As the deeply troubled Steward Health Care system faced bankruptcy hearings in a Texas courtroom on Monday, nurses and first responders gathered outside one of Steward’s nine Massachusetts hospitals to call on state lawmakers to help keep the hospital doors open.

“We gather here as a unified voice with a common purpose: to implore Governor Healey to honor the promises she made to the residents of Massachusetts,” ER nurse Audra Sprague said, standing in front of Nashoba Valley Medical Center in Ayer, where she said she’s worked for almost 17 years.

Sprague quoted comments Gov. Maura Healey made last month, pledging to protect access to care for communities that rely on the hospitals owned by Steward Health Care.

“The closure of Nashoba Valley Medical Center and any of Steward’s eight other hospitals would create a void that could not be filled in this state,” Sprague said. “It would force residents to travel long distances for basic health care and make them to go to other facilities that are already overwhelmed and have very limited bed availability. ... This puts lives at risk and will create undue hardship, especially for our most vulnerable populations.”

Steward filed for bankruptcy nearly a month ago and announced plans to sell all 30 of the hospitals it operates nationally. In a motion to the bankruptcy court, Steward asked to set a deadline of June 24 for bids on the system’s hospitals. The judge in Houston will decide if the sales can move forward on that timeline. The nurses at Monday’s protest say they’re worried a sale could result in the hospital being shuttered.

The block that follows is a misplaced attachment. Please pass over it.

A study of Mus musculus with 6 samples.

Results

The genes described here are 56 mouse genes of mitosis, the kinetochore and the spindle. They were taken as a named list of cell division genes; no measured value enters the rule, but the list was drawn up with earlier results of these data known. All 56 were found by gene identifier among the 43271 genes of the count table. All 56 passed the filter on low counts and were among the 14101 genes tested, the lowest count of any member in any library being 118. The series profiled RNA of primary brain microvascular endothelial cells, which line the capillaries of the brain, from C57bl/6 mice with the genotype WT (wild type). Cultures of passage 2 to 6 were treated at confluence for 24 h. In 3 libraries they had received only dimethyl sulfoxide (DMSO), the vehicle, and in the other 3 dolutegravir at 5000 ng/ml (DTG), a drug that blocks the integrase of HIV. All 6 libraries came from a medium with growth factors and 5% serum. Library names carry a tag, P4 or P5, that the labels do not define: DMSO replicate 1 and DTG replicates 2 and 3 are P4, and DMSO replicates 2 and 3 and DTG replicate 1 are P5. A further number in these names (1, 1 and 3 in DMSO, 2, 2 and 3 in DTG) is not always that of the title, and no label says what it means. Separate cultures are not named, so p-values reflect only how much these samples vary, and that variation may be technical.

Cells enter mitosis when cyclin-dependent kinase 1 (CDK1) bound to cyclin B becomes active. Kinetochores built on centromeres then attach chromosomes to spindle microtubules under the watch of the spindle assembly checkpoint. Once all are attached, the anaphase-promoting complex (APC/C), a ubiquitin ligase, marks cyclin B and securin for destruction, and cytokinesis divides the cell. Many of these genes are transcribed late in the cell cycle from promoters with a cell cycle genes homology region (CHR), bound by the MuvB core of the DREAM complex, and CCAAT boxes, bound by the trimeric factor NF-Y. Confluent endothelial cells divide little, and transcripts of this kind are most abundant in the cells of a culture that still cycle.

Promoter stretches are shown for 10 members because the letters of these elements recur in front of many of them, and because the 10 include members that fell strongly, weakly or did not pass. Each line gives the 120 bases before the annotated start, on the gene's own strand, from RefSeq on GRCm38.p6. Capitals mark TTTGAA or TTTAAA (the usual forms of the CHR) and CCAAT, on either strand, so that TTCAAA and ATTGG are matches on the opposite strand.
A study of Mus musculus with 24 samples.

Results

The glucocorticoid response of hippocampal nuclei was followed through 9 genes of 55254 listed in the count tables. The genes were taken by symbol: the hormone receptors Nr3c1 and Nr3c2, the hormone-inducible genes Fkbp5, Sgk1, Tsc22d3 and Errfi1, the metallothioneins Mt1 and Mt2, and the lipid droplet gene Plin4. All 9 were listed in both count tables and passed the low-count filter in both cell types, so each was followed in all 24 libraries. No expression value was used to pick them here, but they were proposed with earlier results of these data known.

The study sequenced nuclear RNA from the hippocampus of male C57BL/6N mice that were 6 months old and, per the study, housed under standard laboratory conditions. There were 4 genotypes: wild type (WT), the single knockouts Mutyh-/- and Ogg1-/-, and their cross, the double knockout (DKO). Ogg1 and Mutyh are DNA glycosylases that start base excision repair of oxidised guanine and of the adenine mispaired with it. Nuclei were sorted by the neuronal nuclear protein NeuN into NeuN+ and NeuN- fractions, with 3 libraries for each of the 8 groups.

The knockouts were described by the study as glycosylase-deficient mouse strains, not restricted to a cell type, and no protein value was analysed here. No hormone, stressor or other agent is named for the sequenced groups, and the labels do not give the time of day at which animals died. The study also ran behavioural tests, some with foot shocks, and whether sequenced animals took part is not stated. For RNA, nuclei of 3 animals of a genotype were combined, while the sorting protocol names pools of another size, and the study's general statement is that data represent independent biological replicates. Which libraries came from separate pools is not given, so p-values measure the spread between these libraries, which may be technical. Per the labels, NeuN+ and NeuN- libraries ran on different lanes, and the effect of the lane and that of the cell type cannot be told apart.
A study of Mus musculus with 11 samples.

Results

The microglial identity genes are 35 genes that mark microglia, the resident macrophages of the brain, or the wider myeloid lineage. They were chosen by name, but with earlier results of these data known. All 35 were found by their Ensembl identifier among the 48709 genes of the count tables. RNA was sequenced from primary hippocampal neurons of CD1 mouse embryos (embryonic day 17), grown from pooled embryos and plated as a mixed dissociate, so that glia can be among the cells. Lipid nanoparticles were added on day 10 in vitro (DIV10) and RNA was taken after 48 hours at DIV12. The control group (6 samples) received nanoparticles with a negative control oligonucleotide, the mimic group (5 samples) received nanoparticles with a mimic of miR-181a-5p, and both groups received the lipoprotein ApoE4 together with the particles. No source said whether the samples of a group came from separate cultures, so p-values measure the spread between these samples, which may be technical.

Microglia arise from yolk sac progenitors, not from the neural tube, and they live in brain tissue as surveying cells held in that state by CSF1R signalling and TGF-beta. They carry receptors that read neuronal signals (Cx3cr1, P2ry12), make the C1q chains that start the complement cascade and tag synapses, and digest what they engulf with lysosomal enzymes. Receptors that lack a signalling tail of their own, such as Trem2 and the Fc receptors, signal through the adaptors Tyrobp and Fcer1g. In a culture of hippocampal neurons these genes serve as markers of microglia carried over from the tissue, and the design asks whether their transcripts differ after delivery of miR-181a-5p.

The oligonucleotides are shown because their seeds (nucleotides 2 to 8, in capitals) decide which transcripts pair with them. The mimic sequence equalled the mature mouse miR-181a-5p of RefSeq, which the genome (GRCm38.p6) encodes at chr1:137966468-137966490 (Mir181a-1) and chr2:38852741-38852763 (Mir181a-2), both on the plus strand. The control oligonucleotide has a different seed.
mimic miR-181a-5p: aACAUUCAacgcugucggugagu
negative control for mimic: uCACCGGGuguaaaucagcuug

“Yes, Steward must go, but we as a state and those in charge of protecting the state have ultimate responsibility to do whatever is needed to protect this and all communities from the loss of any essential health care services,” Massachusetts Nurses Association President Katie Murphy said at Monday’s protest. “And that means the governor and her administration, the attorney general and the two leaders of our legislative body cannot be silent and must be active, pushing any and all levels of government power at their disposal to save these hospitals.”

In a written statement on Monday, a spokesperson for the state Executive Office of Health and Human Services reiterated the governor’s pledge to protect patients and caregivers.

“The Healey-Driscoll Administration is committed to preserving access to safe and high-quality care for all individuals and communities now served by Steward hospitals,” the statement said. “We are working to protect jobs for the dedicated health care providers and support staff who come to work in the Steward hospitals every day for the patients they serve, with the goal of maintaining the stability of the health care ecosystem that has long defined Massachusetts as a leader in health and medicine.”

Supporters of Nashoba Valley Medical Center have launched an online petition specifically calling on Gov. Maura Healey to take steps to save the hospital from closing.

“We have heard that the Healey Administration may be willing to let Nashoba Valley Medical Center close, sacrificing our hospital as unnecessary,” the petition reads. “We’re done with politicians putting on a show; it’s time for them to actually help us get the healthcare we need. While the Governor talks about supporting biotech, we want her to also support the hospitals that take care of thousands of people.”

The nurses say more than 200,000 Massachusetts residents are served by nine hospitals currently owned by Steward Health Care. Those hospitals include St. Elizabeth’s in Brighton, Carney Hospital in Dorchester, Good Samaritan Medical Center in Brockton, Holy Family Hospital in Methuen and Haverhill Hospital, Morton Hospital in Taunton, Nashoba Valley Medical Center in Ayer, and St. Anne’s Hospital in Fall River. Steward also owns Norwood Hospital, which closed nearly four years ago because of damage from severe flooding. Steward broke ground on a new building in November 2021.

As the hospitals work their way through the process of being sold, the bankruptcy court appointed health care management consultant Suzanne Koenig to serve as ombudsman, monitoring patient care at Steward’s facilities in Massachusetts, Ohio, Pennsylvania and Miami-Dade County in Florida.